We’re dipping into Terry Hopkins‘ dad’s General Sign box again. This time I ran across two signs that shared a bunch of elements.
Bill’s Courtesy Cleaners was located at 1107 Broadway, more or less across from Houck Stadium. The cleaners were housed in one of two buildings built by Eddie Erlbacher shortly after World War II. I photographed the school board moving a big safe out of the second floor of the twin building to the east.
The property had an interesting past, detailed in a Fred Lynch blog in April 6, 2010.
The Hirsch’s sign’s has the same arrow and basic shape. I wonder how many other businesses in the area shared those pieces / parts?
I did a post on Hirsch’s Midtown in 2012, and it generated quite a few comments. So many, in fact, I followed up with another story about the Hirsch Bros. No. 2, otherwise known as Hirsch’s Northtown.
It was better known to later generations as the Mule Lip or Margarita Mama’s. It’s a casualty of the Casino, but the Midtown store is still standing.
If you look closely at the bottom right of the Hirsch’s sign, there are some tiny red letters faintly visible. Blowing them up just makes them blurrier. The appear to spell COFERS. I looked at the 1968 City Directory and didn’t see any business in the 200 block of South Sprigg that came close to that.
UPDATE UPDATE UPDATE
I usually post the blog at about 2 a.m., and after I’m done I check to see if Fred Lynch has updated his f/8 and Be There blog. I didn’t check it before going to bed, so I was stunned this morning to see his topic was “Cofer’s Men’s Store.”
I emailed him to ask if he had seen my topic and decided to piggyback it (we exchange links, which builds traffic for both of us, and it helps readers fill in the gaps).
His response: “Are you kidding? I’m in bed by 10 pm. You retired folks amaze me with your sleeping habits. Anyway, I am two weeks or more ahead with finished blogs so yes, quite a coincidence.”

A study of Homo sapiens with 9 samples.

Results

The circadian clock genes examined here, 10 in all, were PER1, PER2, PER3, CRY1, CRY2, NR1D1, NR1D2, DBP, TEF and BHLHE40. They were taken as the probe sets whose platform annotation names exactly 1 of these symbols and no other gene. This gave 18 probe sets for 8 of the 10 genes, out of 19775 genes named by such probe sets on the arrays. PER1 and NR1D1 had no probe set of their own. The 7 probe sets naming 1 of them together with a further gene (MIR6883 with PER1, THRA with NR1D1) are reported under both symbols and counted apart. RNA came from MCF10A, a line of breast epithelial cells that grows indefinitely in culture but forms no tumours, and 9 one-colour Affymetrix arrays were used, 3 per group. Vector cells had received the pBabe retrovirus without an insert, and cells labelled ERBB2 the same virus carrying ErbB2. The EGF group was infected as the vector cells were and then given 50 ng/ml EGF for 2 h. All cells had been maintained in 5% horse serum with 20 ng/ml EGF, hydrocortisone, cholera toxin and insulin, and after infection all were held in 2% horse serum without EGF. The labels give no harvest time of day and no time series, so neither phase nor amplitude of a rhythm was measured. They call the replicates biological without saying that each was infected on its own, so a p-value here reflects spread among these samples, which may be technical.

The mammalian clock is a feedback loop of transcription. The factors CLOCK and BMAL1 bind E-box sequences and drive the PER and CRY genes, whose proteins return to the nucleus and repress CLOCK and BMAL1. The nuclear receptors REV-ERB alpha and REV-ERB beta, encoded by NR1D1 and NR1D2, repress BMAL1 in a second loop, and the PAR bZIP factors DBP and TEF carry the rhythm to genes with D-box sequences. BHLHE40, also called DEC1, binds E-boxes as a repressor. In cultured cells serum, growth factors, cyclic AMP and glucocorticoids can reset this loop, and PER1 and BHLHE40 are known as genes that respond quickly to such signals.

Working people can be SO organized. I usually don’t start thinking about the next days’ post until around 9 p.m. the night before.
7 Replies to “Bill’s and Hirsch’s Midtown”
For a short time Bill Brandt operated a bar-b-q shop on the bottom floor of Bill’s Courtesy Cleaners. Would I could recall the chef’s name. Still recall his product as the best I ever tasted – anywhere.
In the November 21, 1944 Southeast Missourian, there appears an ad which mentions that Cofer’s Clothing Store is located at 238 South Sprigg Street. Link:
Ah, the design of signs…great stuff in the Hirsh signs…11S14 lights by the dozen to suck up your electric bill, but you SAW the sign and that was the idea. The Hirsh and Bill’s Cleaners signs were the state of the art in their day. The color blue is very of that day color selection. It reminds me of the 60’s Chevy truck colors…and new Fiat 500 retro colors…very nice stuff.
Similiar in design and color but not the same, especially the arrows. Both very eyecatching!
Ken – Do you have any pictures of the Blue Hole B-B-Que sign? I remember that after the Blue Hole closed, the sign was re-purposed for a motel on N. Kingshighway. It may still be there.
I shot a photo of a sign on a motel on North Kingshighway that someone THOUGHT was the old Blue Hole sign repurposed, but he’s a link to a Missourian story that shows the sign you’re probably thinking of. (You may have to scroll around the page to see it.)
Here is the photo of the Blue Hole BBQ from the 1987 Missourian story.